Q&A

‘NOW IS THE TIME’

On the eve of the Mideast summit, the Palestinian negotiator calls for peace

SAEB EREKAT February 14 2005
Q&A

‘NOW IS THE TIME’

On the eve of the Mideast summit, the Palestinian negotiator calls for peace

SAEB EREKAT February 14 2005

‘NOW IS THE TIME’

On the eve of the Mideast summit, the Palestinian negotiator calls for peace

Q&A

SAEB EREKAT

With the announcement that Israeli Prime Minister Ariel Sharon would meet this week with itew Palestinian President Mahmoud Abbas, hopes were running high that, finally, there may be a way out of the crisis that has enveloped the Middle East for so many years. In a further effort to improve the political climate, Israel, which is already planning to pull out of the Gaza Strip, also agreed to release some 900 Palestinian prisoners and gradually remove some troops from the West Bank. Last week, Saeb Erekat, negotiator for the Palestinians, paused during a frantic day of meetings to speak with Jonathon Gatehouse of Maclean’s.

Suddenly there seems to be a window of opportunity for peace. What has changed?

I don’t like to use such adjectives: windows, doors, closed or open. I can tell you that a majority of Palestinians and a majority of Israelis expect from their leadership nothing less than a real opportunity.

What has to happen to make the summit between Abbas and Sharon a success?

It will depend largely on the following: our ability as Palestinians to ensure a full cessation of violence against Israelis anywhere. And the same thing is true for the Israelis, to stop violence against Palestinians. Secondly, we need to restore the situation in the West Bank to the way it was in September 2000meaning a withdrawal of Israeli troops, a redeployment of Palestinian forces, a return of control to the Palestinian Authority. Thirdly, we need to re-engage in all spheres of negotiation and co-operation: economic, financial, security, water, day-to-day life. And a release of prisoners.

For a lasting ceasefire, how can the Palestinian Authority move forward on the issue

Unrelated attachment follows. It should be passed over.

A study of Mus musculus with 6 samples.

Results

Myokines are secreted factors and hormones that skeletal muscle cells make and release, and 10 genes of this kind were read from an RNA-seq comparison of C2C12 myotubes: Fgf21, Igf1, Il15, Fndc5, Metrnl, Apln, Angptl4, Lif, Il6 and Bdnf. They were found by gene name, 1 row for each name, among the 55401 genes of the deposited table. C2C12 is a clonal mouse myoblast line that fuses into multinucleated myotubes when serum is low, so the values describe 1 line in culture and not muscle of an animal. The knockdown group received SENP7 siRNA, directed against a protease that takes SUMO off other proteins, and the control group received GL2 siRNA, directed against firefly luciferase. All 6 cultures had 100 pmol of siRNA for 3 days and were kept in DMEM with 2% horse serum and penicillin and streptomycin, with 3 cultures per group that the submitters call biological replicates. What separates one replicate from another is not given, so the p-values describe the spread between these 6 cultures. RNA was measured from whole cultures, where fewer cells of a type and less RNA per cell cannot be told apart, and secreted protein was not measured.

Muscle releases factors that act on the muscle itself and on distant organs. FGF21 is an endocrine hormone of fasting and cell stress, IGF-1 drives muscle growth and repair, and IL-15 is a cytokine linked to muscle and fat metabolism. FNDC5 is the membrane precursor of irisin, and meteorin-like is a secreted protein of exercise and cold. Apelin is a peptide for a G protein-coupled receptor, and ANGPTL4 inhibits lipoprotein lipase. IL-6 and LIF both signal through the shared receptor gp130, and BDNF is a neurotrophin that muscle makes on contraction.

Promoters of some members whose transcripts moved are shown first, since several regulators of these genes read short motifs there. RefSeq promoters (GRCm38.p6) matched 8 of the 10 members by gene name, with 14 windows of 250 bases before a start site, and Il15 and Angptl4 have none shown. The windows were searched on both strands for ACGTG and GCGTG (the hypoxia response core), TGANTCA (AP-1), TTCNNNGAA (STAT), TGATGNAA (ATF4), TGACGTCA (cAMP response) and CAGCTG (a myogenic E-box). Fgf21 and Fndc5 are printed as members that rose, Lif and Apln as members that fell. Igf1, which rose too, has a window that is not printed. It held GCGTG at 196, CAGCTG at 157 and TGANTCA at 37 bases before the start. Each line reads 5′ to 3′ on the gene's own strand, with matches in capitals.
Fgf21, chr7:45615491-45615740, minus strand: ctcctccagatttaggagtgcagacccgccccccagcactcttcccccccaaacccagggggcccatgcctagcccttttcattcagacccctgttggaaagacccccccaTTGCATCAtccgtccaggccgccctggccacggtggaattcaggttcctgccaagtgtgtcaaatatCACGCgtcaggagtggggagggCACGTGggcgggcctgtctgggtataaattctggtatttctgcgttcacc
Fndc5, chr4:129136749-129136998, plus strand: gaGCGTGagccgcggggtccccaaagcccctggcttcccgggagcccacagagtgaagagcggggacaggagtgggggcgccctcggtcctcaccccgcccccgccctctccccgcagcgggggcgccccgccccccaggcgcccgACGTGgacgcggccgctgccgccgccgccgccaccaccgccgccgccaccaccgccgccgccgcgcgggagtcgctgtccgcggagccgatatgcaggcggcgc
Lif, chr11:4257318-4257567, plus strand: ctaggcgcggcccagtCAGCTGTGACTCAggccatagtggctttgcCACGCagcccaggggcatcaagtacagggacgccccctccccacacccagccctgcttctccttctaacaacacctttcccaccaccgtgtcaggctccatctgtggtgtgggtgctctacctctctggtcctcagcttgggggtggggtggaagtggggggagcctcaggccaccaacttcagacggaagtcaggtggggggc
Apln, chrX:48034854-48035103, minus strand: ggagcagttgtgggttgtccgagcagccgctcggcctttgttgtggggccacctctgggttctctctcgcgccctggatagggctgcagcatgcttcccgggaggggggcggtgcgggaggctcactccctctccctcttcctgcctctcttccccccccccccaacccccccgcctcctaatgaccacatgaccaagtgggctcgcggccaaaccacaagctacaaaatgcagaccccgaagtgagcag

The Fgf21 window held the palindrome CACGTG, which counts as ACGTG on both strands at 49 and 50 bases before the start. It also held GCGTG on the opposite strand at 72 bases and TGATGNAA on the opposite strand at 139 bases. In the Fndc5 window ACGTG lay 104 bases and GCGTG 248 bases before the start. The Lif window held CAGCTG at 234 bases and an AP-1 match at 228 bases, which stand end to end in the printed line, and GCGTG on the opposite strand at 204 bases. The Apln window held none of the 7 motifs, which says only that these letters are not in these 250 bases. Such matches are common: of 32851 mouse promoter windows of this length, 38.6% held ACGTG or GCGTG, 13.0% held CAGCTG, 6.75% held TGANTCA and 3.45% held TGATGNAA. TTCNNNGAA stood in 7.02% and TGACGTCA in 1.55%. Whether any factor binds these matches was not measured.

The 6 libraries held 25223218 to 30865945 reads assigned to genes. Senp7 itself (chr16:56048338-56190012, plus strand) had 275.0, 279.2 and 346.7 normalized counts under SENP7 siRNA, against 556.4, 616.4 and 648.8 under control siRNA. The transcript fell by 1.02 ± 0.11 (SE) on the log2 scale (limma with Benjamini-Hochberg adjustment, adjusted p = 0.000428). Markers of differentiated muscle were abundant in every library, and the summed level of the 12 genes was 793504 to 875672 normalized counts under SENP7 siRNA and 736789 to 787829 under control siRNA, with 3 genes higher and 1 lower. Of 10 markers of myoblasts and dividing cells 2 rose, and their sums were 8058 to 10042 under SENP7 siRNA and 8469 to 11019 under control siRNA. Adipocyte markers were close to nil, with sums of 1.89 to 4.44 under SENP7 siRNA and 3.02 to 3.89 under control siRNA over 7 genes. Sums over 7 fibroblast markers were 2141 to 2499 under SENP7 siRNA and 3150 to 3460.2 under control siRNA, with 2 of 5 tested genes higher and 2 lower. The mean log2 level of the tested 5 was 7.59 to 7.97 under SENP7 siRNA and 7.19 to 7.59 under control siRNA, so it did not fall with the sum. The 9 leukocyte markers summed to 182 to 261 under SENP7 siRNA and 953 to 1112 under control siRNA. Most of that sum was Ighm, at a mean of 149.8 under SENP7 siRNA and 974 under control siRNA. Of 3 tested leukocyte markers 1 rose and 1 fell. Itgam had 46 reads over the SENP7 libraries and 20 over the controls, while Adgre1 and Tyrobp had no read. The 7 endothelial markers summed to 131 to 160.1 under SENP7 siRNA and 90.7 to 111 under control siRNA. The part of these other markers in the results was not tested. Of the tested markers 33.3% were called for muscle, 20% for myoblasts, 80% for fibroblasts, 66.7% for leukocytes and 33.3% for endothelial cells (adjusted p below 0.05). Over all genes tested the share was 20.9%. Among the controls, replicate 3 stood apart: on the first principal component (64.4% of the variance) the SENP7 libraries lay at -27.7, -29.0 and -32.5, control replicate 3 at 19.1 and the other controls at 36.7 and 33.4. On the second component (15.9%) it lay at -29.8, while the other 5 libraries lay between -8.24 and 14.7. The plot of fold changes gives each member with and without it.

of disarming the militant groups?

We’re dealing with the internal Palestinian situation on as many parallel tracks as we can. It’s very complex. But we’ve just had elections. We’re inviting all parties to participate—Hamas won the majority of councils in Gaza. They and the other groups are invited to be part of the political pluralism, to abandon authority pluralism. We are determined to build our political system on the rule of law, pluralism and the ballot box.

How big a role has Israel’s planned pullout from Gaza played in the new détente? Is the fact that Israel already seems to have a summer timetable driving this new process?

If they want partnership, we need to sit down and decide how the Gaza disengagement is going to be part of the road map

for peace [the plan submitted by the U.S. in 2003]. Because for us, the West Bank and Gaza are a single territorial unit. We have a much more important timetable: the timetable of2005, specified in the road map, for an end to Israeli occupation. The U.S. has to abandon its practice of forming its Mideast policy in terms of what Israel can or cannot do. It should adopt a policy that reflects what is needed here: a meaningful peace process that will end the occupation. This is doable.

Public expectations are rising.

I’m always worried about that: taking people into the ttees and not having ladders to come down. We’re still trying to establish what can and can’t be done. We need the help of the international community: economically, on the question of security, on reforms. It’s not so much a question of expectations as one of showing people what can be done on the ground.

One of those internal issues is government corruption. What are you doing about that?

The people who voted for Abbas don’t expect him to have a magic wand, but they expect him to begin the process. To steer a course of building the constitution, ending corruption, restoring the rule of law and public order, accountability, transparency, free elections. People want to see progress. And we’re determined to give them that.

Is your government simply calling for a return to the road map, or are there now additional demands?

At this stage, I’m simply looking to re-engage with my Israeli colleagues, to reestablish a partnership. I don’t have expectations for mutual trust overnight, but we must begin. Now is the time.